A few times each fall, before the ground freezes and the air gets too cold, Jim Bintliff takes a shovel and buckets down to the banks of a muddy river in southern New Jersey. He’s there to harvest mud — odorless and puddinglike, with a chocolate color to match — that has become as much a part of Major League Baseball as Cracker Jack and batting helmets.
His Lena Blackburne Baseball Rubbing Mud is applied to every baseball used in a big-league game, to help pitchers grip the ball better as they launch it toward home plate.
“When fresh baseballs come out of the box, they’re quite slick. For a pitcher, that equals danger,” says Shawn Kelley, a Washington Nationals reliever who will be in the bullpen Monday for Opening Day. “If a pitcher were to throw a brand-new baseball, most would tell you they couldn’t be assured that it would even end up over the plate.”
In August 1920, Cleveland Indians shortstop Ray Chapman died after being hit in the head by a pitch from Carl Mays, a New York Yankees right-hander. It was the first and only time in MLB history that a player has been killed by a pitch, and it led the league to look for new ways to protect batters and improve pitch accuracy.
Balls began to be rubbed with mud, clay, shoe polish or tobacco juice, but the homemade mixtures often damaged the balls’ leather, turned it black or simply smelled bad. Blackburne, a third-base coach and former infielder, began using a better product in the late 1930s: mud that he found near his childhood home of Palmyra, New Jersey, where the slope of a riverbank that sent water into the nearby Delaware River formed a natural goop with a thick, baseball-friendly consistency.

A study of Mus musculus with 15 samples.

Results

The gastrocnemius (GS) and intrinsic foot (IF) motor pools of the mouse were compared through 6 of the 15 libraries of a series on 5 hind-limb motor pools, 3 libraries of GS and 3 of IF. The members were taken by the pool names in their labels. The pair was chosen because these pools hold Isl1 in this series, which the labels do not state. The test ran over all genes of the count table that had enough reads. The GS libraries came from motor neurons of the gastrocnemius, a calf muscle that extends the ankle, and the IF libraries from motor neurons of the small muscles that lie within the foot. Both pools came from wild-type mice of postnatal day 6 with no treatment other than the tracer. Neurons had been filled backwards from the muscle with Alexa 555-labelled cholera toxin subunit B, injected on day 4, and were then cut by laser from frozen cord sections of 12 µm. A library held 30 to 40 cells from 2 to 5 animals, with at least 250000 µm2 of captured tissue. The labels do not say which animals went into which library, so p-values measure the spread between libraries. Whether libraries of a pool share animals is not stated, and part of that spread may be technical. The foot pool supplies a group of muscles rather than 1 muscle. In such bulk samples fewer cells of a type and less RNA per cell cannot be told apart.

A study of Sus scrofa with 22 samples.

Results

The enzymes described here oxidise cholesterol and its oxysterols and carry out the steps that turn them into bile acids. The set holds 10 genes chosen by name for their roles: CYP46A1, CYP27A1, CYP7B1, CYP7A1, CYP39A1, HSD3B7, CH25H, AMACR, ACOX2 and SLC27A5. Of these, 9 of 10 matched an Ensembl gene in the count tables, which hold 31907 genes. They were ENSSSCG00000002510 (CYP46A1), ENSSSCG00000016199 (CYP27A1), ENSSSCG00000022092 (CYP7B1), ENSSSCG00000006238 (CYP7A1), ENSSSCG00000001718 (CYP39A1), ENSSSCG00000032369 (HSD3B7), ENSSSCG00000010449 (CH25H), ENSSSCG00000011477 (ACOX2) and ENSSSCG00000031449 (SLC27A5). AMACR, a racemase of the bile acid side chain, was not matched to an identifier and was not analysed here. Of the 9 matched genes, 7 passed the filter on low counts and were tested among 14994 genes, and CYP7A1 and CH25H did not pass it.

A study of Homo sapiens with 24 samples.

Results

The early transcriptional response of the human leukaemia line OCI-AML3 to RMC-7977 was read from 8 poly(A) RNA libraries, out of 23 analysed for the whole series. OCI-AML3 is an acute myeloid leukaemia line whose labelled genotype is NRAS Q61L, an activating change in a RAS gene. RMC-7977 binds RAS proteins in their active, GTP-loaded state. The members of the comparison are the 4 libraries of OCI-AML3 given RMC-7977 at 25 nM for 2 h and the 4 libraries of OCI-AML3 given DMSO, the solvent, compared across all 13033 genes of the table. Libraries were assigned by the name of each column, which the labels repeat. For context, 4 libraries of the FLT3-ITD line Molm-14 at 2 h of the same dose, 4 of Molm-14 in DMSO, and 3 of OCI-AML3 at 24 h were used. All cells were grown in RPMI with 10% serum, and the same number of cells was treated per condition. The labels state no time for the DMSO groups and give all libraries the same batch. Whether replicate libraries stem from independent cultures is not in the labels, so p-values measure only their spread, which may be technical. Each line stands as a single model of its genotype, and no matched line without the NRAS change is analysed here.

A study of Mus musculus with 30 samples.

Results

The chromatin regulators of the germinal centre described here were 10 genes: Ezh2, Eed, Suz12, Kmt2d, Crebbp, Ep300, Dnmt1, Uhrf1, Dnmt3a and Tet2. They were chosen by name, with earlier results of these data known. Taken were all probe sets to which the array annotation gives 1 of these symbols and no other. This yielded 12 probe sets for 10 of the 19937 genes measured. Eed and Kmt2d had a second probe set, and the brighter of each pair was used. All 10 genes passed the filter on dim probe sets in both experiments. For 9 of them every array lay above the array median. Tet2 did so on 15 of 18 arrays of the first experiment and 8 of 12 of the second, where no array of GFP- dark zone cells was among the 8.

The magic mud soon spread through baseball’s American and then National leagues. Bintliff, 60, said he and his wife, Joanne, now sell about 2,000 pounds of mud each year, to every MLB team as well as to minor-league and college squads. The business has been in the family for three generations, ever since Blackburne passed it along to Bintliff’s grandfather, a close friend.
“There’s an art to harvesting mud,” Bintliff told KidsPost last week. He usually wades knee-deep into the muck, which he said is on public land, and shovels near the surface. If he goes any deeper, the mud becomes black and begins to smell.
To perfect his product, Bintliff ages the mud in 35-gallon trash cans for about six weeks before sending it on to buyers. (A “personal size” half-pound container of mud sells for $24.) Each MLB team gets 12 pounds for spring training and the regular season, he said.
Dan Wallin, the Nats’ equipment manager, said it takes him or a clubhouse assistant about 45 minutes to rub the mud on the 12 dozen baseballs that are prepared for a game. Applying the brown stuff can “make it harder for a hitter to see the ball,” he said, so he and his staff try to find a nice middle ground “where the pitchers like it and the hitters don’t complain.”
Rawlings, a sporting-goods company that makes all of the hand-stitched baseballs used in MLB games, is working on a new ball “that is easier to grip and does not require rubbing with mud,” according to an MLB spokesman. The experimental ball “would change things” for Lena Blackburne, Bintliff said, but in the past decade, he’s also found surprising new customers: pro football teams.
The National Football League did not immediately answer a request for its comment, but Bintliff said that about half of NFL teams buy Lena Blackburne mud to help their players grip the ball. So his business, which he plans to pass along to a daughter, may not dry up anytime soon.